Council to offer millennials a course in 'adulting'
Millennials are getting a hard time right now. Barely a day passes without some reference to young people having a sense of entitlement and lacking in life skills.
Cooking, managing your money, and being able to change a tyre are just some of the basic skills many young folk aren’t armed with when they enter adulthood.
But one council is looking to change all that by offering millennials a crash course in adulting.
The City of Onkaparinga in Australia is hoping to educate teenagers about some of the grown-up basics they need to survive real life once they leave school.
Speaking about the move the council’s director of community relations Philomena Taylor told the ABC: “The idea came from a young person on our Onkaparinga youth committee last year, who said it [would] be great to see a programme that talked about all those things you need to learn – and indeed what many adults wish they were taught when they were younger – as you’re transitioning from being a young person into adulthood.
“The response has been overwhelming. The program attracted huge interest on social media with a post reaching thousands of people on Facebook.”
READ MORE: The age we should have our lives in order by
The course will end this month and the council will assess how it has been received before deciding whether to roll it out.
An Adelaide council is teaching young people ‘how to adult’ – and the course if proving very popular! 🛠️ pic.twitter.com/6a5YQiXSDB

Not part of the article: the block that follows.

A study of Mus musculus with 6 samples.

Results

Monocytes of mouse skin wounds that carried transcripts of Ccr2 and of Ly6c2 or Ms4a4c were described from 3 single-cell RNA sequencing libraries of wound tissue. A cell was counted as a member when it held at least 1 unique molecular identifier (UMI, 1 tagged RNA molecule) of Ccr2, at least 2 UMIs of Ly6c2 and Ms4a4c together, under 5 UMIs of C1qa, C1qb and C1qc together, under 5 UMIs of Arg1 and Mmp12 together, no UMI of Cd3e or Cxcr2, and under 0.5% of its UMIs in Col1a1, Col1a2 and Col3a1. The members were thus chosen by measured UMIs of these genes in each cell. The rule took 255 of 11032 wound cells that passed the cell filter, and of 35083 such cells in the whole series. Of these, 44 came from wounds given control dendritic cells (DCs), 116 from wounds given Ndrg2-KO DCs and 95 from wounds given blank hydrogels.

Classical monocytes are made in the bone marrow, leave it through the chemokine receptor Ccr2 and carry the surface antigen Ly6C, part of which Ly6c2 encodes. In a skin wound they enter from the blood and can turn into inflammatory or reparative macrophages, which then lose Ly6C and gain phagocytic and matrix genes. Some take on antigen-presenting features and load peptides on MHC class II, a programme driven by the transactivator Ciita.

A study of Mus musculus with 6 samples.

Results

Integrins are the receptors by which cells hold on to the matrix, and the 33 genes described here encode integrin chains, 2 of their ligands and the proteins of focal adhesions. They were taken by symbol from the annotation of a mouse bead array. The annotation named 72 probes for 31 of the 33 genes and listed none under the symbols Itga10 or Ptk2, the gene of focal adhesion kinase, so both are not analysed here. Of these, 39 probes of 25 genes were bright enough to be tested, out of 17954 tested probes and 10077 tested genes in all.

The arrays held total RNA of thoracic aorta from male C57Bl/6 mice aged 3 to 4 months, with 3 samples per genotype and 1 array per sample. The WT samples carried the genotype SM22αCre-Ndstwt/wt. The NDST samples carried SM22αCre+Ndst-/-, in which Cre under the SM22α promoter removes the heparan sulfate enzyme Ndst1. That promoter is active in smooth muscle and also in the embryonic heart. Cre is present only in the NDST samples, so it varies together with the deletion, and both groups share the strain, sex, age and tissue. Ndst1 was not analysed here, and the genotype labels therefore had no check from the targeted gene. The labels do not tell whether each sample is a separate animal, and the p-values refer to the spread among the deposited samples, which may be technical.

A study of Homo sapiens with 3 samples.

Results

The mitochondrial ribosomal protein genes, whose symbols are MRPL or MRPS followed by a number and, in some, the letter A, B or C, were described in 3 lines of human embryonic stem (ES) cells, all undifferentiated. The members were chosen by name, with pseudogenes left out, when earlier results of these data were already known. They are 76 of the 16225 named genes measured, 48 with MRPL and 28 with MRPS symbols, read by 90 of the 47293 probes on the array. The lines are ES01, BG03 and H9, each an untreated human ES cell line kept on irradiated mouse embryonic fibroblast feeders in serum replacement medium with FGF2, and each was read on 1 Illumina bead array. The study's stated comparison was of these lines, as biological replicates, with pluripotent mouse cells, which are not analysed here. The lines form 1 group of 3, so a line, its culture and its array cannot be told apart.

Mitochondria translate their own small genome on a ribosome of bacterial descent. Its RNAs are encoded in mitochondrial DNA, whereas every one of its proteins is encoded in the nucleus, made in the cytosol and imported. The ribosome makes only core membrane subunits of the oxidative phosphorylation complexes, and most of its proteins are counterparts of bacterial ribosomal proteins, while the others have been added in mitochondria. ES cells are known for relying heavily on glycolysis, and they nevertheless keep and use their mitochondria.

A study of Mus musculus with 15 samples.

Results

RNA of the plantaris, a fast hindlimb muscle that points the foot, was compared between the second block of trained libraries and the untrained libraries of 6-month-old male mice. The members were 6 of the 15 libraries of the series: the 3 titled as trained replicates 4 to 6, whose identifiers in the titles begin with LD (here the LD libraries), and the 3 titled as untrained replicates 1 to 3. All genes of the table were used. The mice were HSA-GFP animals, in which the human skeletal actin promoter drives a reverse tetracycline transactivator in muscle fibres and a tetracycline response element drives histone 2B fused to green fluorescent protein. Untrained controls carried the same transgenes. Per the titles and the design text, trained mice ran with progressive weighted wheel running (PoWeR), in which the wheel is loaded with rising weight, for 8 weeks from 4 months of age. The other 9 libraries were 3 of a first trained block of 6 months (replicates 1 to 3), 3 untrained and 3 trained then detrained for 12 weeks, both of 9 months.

— Sunrise (@sunriseon7) April 21, 2019
And Australia isn’t the only country recognising that young folk might need some help with being a grown up.
Last December, a Kentucky school offered an “adulting day” to teach students in their senior year some everyday life skills such as paying bills, cooking low budget meals and writing a good CV.
For one day, pupils in their final year at the school got to switch literature for life skills as they armed themselves for adulthood.
Speaking about the thinking behind the course Christy Hardin, director of the BCHS Family Resource & Youth Services Center, told Wave 3 News: “I think that the idea occurred to me, originally, I saw a Facebook post that parents passed around saying they needed a class in high school on taxes and cooking.
“Our kids can get that, but they have to choose it. And [Wednesday] was a day they could pick and choose pieces they didn’t feel like they had gotten so far.”
Many people on Facebook applauded the idea, but others wondered why these kind of everyday skills weren’t taught as standard in all high schools around the world.
If we’re honest most of us would come out in a cold sweat at the thought of changing a flat tyre, or making a roast from scratch, so being taught those sort of skills in school rather than when they happen seems to make sense.
READ MORE: The age women start turning into their mothers
The rise in adulting courses comes as recent research revealed you don’t actually become an adult until you reach your thirties.
So if you’re twenty-something who is still baffled about how to cook a roast chicken, or how many towels you should own, then go ahead and blame it on the fact that you’re not yet a fully-fledged adult.
According to the legal system in England and Wales, you’re an adult when you hit the age of 18.
However, the latest research from Cambridge University has found substantial developmental changes occur in the brain long after this time, continuing for the first “three decades” of life.